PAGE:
Daily Digest: The Works

Is there anything that Aetherworks Marvel can’t do? This may very well be the craziest build we’ve seen yet! Can this deck break the Standard format at #SCGMKE’s Standard Classic?

Aetherworks Marvel was one of the big stories of #PTKLD last weekend, as the combo decks built around it were the most popular decks in the tournament on Day 1. Most lists were Temur, using Contingency Plan, Glint-Nest Crane, and Glassblower’s Puzzleknot to dig for the namesake card.

The deck certainly proved to be the most powerful in the format, often casting Ulamog, the Ceaseless Hunger or Emrakul, the Promised End on turn 4 or 5 while still being able to play into the late-game against heavy disruption decks. But it also showed itself to be quite fragile, doing very little of substance until casting Aetherworks Marvel and then hoping the top six cards of their deck had an Eldrazi.

When under pressure from an aggressive deck, a single misstep can prove deadly, so moving to a less combo-oriented list that is still powerful enough to dominate a game with the right draw could prove fruitful.

That’s exactly what Paolo Cua did at his Regionals last weekend, putting up a Top 8 finish with a Jund Aetherworks variant that builds to World Breaker and Ulamog, the Ceaseless Hunger but has a sizable midrange component with Demon of Dark Schemes, Noxious Gearhulk, and some early creatures.

Demon of Dark Schemes is the interesting card here, giving you a castable threat that is very threatening off an Aetherworks Marvel and can also serve as a secondary Energy sink. Notably, you can reanimate opposing Eldrazi in the Aetherworks Marvel mirrors, since those decks often discard their extra Eldrazi with Cathartic Reunion or put them directly into the graveyard with Vessel of Nascency.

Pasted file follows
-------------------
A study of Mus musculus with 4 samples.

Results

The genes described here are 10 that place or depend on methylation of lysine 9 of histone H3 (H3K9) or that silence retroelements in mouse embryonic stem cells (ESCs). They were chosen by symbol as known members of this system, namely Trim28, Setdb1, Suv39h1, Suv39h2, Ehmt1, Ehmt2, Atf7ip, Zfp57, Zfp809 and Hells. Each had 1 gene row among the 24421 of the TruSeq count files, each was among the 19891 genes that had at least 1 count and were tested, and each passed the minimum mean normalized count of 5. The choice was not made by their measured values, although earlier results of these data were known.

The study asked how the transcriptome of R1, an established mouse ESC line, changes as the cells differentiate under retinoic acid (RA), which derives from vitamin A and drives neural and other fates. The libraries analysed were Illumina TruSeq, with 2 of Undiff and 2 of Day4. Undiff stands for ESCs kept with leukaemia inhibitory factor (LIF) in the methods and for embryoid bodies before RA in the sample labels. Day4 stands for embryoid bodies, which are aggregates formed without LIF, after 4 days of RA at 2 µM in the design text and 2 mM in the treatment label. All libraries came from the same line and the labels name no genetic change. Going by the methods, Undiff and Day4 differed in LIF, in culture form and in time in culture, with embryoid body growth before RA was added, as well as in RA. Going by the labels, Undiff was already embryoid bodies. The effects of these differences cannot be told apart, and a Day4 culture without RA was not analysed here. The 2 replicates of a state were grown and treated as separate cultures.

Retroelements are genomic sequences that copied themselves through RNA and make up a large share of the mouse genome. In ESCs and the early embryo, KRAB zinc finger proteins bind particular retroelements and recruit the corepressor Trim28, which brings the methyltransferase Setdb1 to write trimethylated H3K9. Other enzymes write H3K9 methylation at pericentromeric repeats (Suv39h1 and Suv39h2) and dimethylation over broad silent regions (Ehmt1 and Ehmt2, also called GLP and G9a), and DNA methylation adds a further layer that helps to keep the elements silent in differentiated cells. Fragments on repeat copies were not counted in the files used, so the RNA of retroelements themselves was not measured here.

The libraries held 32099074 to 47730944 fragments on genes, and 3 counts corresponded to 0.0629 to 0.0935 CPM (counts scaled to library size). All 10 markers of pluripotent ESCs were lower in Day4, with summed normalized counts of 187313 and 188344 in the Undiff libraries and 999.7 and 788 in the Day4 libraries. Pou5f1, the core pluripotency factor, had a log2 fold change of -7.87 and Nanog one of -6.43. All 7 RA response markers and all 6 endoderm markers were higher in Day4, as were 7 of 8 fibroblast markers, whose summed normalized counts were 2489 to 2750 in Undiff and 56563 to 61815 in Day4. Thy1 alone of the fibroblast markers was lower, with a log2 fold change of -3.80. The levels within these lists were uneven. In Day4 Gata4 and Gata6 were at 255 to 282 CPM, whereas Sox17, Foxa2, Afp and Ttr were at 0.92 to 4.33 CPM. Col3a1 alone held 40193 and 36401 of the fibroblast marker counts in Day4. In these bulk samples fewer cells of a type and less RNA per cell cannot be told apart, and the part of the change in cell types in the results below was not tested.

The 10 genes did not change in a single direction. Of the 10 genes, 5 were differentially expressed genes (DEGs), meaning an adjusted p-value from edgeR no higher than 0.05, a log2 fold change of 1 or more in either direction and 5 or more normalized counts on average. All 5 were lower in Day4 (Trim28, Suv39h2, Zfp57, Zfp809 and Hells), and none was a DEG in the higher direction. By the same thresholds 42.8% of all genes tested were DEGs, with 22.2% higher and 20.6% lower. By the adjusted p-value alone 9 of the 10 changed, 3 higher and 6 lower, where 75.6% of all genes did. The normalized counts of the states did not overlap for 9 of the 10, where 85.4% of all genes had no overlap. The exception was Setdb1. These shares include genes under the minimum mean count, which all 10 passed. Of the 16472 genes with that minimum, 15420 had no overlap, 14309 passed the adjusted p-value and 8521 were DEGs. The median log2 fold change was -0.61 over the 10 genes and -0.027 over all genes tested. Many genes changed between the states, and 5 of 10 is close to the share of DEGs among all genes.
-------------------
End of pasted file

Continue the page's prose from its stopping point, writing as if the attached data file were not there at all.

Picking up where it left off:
This deck certainly isn’t as powerful as its Temur cousin, but with the deck’s popularity, having a secondary gameplan as a means of playing through the hate is quite valuable. This deck can even side out Aetherworks Marvel completely and become a normal midrange Jund deck if need be.

Clearly Paolo came prepared for the aggressive decks that dominated the early metagame, and an influx of combo and control will make this list somewhat worse. But this deck has a great sideboard against those decks and will benefit from them overpreparing for the combo plan when sideboarding.

It’s quite rare for Standard to see a playable combo deck. In a small format, you typically don’t have a critical mass of key role-players to make a combo deck work. Temur Aetherworks does, but its fragility and vulnerability to hate means it will be forced to adapt moving forward as a known quantity. This list represents a clear evolution in that direction, and a hybrid list like this could prove to be a more consistent performer in the long run.